Last week I saw that my dean was reading Louis Menand’s latest seemingly dull work on higher education. In order to keep up my side of the employment equation, and thanks to a nice discount from Amazon.com, I decided to buy Cary Nelson’s No University Is an Island: Saving Academic Freedom. I can assure you this about the book right off: It’s not dull.
Nelson, the President of the American Association of University Professors, knows his stuff and can teach any professor a thing or two about the way things ought to be at their schools. As a loyal AAUP member, I feel like I’m way too biased to review it. Besides, I can do that in one post. Instead, I want to tie together some good parts of it here in a series of posts while I’m reading the book.
I’ll start with Nelson on the greatly exaggerated problem of professors bringing their politics into the classroom (p.14):
“I find that most undergraduates arrive on campus with fairly well formed political beliefs. I am, however, very much interested in putting progressive, radical, and conservative views before them, but the students drawn to my views are always those who already share them. Beyond that, I could not care less whether my classes convert or persuade them. I put ideas out for consideration. They can take them or leave them. Then we get on with our lives.”
Not only do I agree with that sentiment, I’ll take it one further: If you do want to convert students to your point of view, grading them on their adherence to your views is the worst possible strategy. Nobody should ever be compelled to think anything, and should a professor choose to operate in that manner the students won’t only resent them, they’ll resent those views as well.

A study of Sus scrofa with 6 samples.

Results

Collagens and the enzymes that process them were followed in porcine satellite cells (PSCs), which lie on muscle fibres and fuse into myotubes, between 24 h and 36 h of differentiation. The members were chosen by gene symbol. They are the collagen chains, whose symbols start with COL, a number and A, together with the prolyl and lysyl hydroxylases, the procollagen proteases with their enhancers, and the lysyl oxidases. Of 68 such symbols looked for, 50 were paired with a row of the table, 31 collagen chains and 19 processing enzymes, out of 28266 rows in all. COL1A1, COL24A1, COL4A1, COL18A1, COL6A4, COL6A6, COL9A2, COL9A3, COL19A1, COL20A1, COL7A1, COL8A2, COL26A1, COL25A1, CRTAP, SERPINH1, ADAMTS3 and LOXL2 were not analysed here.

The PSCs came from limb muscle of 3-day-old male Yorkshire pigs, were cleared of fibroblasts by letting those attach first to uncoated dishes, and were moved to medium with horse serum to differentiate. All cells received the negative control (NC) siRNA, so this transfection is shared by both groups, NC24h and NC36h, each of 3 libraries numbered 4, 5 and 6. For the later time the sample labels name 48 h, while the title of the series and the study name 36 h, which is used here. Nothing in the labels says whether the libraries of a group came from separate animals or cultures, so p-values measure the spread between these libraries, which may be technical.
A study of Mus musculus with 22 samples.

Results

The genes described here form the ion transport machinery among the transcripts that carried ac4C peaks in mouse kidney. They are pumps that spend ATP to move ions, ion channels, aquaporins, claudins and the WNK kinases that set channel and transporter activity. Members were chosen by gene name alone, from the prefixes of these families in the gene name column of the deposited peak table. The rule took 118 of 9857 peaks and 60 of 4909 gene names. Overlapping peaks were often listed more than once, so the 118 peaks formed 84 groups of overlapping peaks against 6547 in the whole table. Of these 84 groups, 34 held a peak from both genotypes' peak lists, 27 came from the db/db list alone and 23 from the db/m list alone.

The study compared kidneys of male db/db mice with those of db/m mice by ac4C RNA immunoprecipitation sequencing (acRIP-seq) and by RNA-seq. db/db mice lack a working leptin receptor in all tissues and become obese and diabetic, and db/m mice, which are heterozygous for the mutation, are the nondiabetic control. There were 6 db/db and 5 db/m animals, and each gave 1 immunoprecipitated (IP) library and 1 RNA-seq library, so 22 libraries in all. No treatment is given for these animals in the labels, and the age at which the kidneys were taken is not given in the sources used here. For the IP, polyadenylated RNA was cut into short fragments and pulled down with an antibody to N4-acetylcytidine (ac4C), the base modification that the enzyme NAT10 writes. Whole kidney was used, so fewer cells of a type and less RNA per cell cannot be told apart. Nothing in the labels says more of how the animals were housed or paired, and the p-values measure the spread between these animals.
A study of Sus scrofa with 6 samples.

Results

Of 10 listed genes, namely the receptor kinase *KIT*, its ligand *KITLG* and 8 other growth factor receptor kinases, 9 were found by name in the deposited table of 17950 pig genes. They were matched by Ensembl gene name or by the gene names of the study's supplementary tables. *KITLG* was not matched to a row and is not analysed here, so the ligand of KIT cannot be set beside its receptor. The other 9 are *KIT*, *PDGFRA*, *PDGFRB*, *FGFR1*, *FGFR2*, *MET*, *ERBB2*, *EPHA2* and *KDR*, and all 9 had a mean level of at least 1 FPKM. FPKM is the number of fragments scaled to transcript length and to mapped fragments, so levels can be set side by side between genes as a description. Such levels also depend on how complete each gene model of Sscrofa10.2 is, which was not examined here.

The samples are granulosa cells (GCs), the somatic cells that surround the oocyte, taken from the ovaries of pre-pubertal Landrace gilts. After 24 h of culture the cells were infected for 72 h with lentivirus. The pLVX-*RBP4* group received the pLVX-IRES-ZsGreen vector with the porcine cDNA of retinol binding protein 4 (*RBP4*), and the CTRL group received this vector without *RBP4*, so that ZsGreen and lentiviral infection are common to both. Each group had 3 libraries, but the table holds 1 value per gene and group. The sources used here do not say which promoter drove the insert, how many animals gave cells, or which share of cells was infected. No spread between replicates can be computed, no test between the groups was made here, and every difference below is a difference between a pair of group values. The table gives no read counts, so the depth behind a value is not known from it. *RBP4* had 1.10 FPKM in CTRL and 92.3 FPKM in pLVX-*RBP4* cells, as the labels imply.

Explaining why you think how you think is about the best any professor can or should do. Here’s Nelson again, who (if you don’t know already) is an English professor (pp. 21-22):
“In my view and the view of many others, all human understanding is culturally and historically constructed. We have no unmediated access to any facts. Consequently, I teach the cultural construction of gender as true, although my students are free to disagree. I advocate for this view, as the AAUP allows, not only because it is what I believe but also because my students should see how I arrive at and account for my intellectual commitments.”
Transferring this same intellectual process to the history classroom, me and most other historians believe that slavery was the primary if not the sole underlying cause of the American Civil War. This may be controversial in some (probably Southern) circles, but I can easily explain to anyone why I believe this. It is a question of evidence, rather than values.
That’s not teaching politics. It’s teaching process, and that’s exactly what academic freedom is designed to protect.